New York Multifamily

Alex Bernstein is the third generation of Bernstein Real Estate, which owns and operates 2M SF of office and, via Lawrence Properties, 6,500 residential units in Manhattan. He believes modern property owners should be "more than rent collectors" and tenants should be treated as "more than dollar signs."

Putting this philosophy to practice, he’s pioneering partnerships with tenants to create community space for programming, socializing, and neighborhood identity. An advocate of social collaboration for the greater good, having witnessed it at Burning Man, he believes these goals can be incorporated in a for-profit model and hopes to prove the point in plans he's developing this year for a large concentration of buildings in the high 20s and low 30s near Penn Station. "You can create your own Meatpacking or DUMBO," he says. "I'm adding a human and social awareness to the mix."

The firm was started in the 1920s by Alex's great uncle, Sidney J. Bernstein, when he created Lower West Side buildings to manage the fur trade.


Alex’s father, Asher Bernstein, changed the focus from fur and expanded beyond Chelsea, and he runs the 60-employee company from its HQ at Seventh and 30th. Alex went out on his own into retail brokerage in the Carolinas, got a Columbia MBA in 2000, and started the next year in the family business.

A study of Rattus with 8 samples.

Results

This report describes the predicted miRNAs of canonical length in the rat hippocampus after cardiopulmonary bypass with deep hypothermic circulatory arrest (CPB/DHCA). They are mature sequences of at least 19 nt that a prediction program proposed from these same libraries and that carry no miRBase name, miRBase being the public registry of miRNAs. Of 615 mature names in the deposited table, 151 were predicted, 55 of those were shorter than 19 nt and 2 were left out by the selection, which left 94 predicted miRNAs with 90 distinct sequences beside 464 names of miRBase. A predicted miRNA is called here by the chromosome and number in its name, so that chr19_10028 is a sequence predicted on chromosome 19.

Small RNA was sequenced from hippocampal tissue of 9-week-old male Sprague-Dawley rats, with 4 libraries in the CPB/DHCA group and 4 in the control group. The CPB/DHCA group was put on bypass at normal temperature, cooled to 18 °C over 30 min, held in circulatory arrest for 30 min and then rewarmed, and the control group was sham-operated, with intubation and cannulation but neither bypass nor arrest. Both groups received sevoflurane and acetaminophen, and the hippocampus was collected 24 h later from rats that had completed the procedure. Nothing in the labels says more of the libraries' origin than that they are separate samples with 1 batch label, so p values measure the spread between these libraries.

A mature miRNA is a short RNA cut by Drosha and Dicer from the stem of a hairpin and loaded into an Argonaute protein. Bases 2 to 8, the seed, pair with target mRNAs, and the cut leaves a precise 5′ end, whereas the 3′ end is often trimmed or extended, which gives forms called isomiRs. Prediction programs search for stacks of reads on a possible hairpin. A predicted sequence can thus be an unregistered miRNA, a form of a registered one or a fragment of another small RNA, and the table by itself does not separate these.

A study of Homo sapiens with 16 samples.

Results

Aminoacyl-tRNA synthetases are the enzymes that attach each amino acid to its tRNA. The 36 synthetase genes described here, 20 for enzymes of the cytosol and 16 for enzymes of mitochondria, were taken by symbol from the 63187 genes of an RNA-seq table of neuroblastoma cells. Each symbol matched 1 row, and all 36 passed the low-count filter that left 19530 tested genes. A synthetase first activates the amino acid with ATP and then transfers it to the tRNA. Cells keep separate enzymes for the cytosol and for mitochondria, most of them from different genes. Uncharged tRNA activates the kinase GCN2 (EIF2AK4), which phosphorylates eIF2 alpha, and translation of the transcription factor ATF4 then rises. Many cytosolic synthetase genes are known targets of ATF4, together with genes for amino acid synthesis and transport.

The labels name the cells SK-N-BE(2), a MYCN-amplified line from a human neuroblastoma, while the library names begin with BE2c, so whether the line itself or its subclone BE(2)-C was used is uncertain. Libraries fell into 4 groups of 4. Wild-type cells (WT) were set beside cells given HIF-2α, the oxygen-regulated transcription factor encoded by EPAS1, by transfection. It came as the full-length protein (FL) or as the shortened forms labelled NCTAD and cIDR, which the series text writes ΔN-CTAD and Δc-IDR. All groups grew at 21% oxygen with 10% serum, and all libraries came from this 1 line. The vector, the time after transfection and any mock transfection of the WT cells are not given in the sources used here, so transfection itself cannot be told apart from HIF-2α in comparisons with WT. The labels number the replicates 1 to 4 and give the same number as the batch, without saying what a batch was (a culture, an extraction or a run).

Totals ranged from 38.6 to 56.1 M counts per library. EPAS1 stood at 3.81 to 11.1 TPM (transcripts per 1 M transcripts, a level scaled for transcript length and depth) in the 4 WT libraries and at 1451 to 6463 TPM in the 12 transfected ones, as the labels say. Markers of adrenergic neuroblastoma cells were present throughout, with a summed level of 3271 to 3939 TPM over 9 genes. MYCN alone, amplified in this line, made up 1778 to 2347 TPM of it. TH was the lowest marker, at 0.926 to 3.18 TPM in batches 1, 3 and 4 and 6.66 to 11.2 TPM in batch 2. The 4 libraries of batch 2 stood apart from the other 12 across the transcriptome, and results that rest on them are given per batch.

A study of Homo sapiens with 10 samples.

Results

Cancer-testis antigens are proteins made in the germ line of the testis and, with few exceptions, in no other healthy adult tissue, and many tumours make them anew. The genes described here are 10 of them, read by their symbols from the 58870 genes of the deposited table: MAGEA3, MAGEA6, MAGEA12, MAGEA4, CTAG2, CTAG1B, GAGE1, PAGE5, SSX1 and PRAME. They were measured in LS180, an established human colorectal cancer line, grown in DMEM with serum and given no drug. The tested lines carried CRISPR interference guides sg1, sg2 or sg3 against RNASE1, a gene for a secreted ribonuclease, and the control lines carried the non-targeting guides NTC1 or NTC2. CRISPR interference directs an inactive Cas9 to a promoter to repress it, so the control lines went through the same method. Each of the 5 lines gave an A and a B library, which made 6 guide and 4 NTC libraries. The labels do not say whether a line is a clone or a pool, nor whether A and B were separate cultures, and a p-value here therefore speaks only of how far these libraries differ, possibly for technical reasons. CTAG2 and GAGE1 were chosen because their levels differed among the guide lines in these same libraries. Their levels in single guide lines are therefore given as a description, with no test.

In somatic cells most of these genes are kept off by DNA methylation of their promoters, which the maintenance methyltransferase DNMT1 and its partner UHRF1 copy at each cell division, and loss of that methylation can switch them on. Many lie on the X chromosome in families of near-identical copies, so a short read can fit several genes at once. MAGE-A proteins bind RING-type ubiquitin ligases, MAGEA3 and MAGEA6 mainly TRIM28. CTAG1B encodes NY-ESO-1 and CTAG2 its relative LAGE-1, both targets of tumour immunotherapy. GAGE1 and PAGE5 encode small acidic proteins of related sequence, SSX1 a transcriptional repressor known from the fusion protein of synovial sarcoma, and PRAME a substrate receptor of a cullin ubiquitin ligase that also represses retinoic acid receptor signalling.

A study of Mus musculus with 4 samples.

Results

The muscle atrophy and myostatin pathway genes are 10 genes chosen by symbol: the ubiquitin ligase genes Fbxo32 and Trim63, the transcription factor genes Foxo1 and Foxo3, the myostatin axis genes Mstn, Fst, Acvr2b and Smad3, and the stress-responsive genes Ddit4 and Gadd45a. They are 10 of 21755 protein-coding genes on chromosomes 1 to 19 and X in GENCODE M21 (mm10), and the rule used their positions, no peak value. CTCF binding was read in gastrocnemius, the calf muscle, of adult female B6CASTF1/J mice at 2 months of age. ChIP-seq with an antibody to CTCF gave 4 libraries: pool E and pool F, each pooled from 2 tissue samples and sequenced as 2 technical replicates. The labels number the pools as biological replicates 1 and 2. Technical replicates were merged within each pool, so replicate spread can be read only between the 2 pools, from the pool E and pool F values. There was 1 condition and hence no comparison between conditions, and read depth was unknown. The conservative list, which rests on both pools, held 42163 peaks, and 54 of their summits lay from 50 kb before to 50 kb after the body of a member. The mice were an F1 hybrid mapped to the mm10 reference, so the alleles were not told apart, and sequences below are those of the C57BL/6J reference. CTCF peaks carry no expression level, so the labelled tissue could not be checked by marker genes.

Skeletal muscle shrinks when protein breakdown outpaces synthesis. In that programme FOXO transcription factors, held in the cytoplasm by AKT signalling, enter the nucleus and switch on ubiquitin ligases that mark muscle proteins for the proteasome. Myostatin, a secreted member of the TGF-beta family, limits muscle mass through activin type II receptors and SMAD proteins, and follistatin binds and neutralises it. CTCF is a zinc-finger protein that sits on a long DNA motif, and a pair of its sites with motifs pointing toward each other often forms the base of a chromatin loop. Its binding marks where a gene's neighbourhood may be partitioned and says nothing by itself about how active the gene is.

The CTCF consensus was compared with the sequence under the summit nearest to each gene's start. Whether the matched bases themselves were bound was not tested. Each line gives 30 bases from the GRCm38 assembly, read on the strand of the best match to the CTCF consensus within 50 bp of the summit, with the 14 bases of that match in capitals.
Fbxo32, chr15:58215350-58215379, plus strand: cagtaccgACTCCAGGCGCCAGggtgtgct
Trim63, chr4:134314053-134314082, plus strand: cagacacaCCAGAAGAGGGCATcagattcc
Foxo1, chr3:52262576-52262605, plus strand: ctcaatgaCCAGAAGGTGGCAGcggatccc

He loves the fact it's an under-the-radar company built on loyal and long-term relationships with tenants as well as employees, some of whom have worked with Bernstein for 40 or 50 years. It uses low leverage and does only one or two deals a year, given current "crazy" pricing. Meanwhile, the company enjoys occupancy in its buildings that's higher than Midtown's.

Increasingly, Bernstein Real Estate has shifted its tenant composition toward tech (like AOL), architects, and youthful brands (like American Apparel), all of which prefer the Class-B and C loft buildings that can be transformed into open environments. Alex also thinks landlords should consider acting like venture capitalists, taking equity in tenant firms rather than charging high cash rent the tenants can't afford.

Sidney technically retired at 95 but continued to walk to work almost every day until he passed away shortly after his 100th birthday in 2004. Alex admires Sidney and Asher's values of focusing on people and not trying to squeeze every dollar out of tenants.

Alex has traveled through Africa and South America, loves running with a crowd in the NY Marathon, meditates, and is a certified Kundalini yoga instructor. He's got three kids from age 5 to a newborn and dreams of taking his family to live a year in Asia.